Wasting time is strictly defined as sub optimal pursuits of some quantifiable goal. But also, it is the standards of my social reality bearing judgement upon others and vice-versa.
The concept of wasting time is one linked to quantitative outcomes of the subjective agglomeration of desires – the so-called market. From the vantage of the market, subjectivities are
- fluid, e.g. the faddish desire for quinoa shapes Bolivian agriculture until quinoa loses its prestige,
- ungrounded, e.g. the desire of a new thing could be as much a pet rock as cutting edge communications device, and
- infinite, that is, desire has no end and it is as ‘limitless’ as our imagination.
Then to waste time is to perform activities that are sub optimal to market outcomes. In another sense, however, to waste time is to perform those activities relating to the ecology of self, which I will attempt to construct below.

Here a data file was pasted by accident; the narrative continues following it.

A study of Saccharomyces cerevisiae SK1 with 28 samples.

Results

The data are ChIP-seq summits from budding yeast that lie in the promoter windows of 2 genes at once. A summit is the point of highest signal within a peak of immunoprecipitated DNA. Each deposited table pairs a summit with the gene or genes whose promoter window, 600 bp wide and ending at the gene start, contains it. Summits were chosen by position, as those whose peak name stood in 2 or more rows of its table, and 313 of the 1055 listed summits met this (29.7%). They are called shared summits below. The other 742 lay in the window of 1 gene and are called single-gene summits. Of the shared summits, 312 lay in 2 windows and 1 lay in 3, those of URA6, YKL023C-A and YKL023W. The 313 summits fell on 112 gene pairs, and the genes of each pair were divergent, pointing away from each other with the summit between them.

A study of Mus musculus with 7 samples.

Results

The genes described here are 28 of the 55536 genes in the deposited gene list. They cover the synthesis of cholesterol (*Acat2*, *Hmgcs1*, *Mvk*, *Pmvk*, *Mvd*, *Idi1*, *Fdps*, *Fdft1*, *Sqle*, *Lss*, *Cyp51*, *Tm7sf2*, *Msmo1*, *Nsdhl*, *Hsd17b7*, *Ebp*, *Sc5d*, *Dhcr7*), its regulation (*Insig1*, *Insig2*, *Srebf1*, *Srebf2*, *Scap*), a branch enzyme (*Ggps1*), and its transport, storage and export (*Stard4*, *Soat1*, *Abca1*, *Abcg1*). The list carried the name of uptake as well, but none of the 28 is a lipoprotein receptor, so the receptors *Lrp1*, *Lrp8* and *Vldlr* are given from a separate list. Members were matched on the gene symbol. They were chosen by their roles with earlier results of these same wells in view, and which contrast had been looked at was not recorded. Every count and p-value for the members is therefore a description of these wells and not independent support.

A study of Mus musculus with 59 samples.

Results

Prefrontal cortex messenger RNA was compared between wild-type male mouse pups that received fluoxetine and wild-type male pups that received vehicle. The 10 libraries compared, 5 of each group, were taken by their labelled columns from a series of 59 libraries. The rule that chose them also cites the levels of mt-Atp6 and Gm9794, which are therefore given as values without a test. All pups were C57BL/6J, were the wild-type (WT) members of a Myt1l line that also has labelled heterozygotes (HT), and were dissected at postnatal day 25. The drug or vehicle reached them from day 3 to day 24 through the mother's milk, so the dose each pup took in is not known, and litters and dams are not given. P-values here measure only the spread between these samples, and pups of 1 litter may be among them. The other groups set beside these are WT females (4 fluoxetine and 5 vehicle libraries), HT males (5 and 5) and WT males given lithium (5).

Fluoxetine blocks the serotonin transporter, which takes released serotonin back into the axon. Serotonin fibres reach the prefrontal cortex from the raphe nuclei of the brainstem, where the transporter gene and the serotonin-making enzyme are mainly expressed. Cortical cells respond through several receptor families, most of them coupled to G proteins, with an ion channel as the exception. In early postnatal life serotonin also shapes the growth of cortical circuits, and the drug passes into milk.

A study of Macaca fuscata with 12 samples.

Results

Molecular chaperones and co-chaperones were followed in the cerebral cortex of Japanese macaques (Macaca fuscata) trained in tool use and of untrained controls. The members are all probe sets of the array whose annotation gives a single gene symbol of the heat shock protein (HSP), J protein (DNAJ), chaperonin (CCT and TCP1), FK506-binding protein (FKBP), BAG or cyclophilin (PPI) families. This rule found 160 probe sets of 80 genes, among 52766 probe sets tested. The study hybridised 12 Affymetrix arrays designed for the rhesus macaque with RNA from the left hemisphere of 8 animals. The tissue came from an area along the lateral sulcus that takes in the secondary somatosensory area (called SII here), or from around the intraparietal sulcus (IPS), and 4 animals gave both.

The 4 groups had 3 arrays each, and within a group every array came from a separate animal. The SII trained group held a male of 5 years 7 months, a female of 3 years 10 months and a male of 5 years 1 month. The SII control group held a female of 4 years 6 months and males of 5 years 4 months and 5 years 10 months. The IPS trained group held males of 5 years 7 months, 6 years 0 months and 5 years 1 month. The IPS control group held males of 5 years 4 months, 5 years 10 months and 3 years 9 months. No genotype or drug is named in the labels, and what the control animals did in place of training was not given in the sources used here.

The ecology of self is a manner of knowing oneself. It is partially hidden from the market and is immensely private. For myself, I love to run. I will run everyday of the week if I could have replaceable limbs (you hear me, market?). However, recently, I put off running for the benefit of my school work. I did achieve my goals at university, but I put off running. So now there is a deep part of me that I had to tuck away, though my schooling will add market value some time in the future. This tucking away of a piece of myself is clearly distressing – so perhaps there is a health penalty for doing so; but none that the market immediately sees and rewards me for. So running is a part of my ecology of self.
I’m sure you have a part of you that is more valuable to yourself than the market. It could be writing, or meditating, or even watching television. As long as it is part of a process both 1) more valuable to the self than to the market and 2) private. To use a classic example, Martha Stewart may actually do less cleaning not because she loses money whenever she does her own cleaning but also because she has lost a bit of herself in her transition to a public figure.
I end with a project to pursue, but who knows if I’ll have the time for it. Sub-optimal market decisions should interest us because of their relationality – their ecology. Should we trust others to betray their private lives for a greater chance to connect with our ecologies of self? What rules exist for our ecologies of self when our capitalist self is unbounded from relational subjectivities?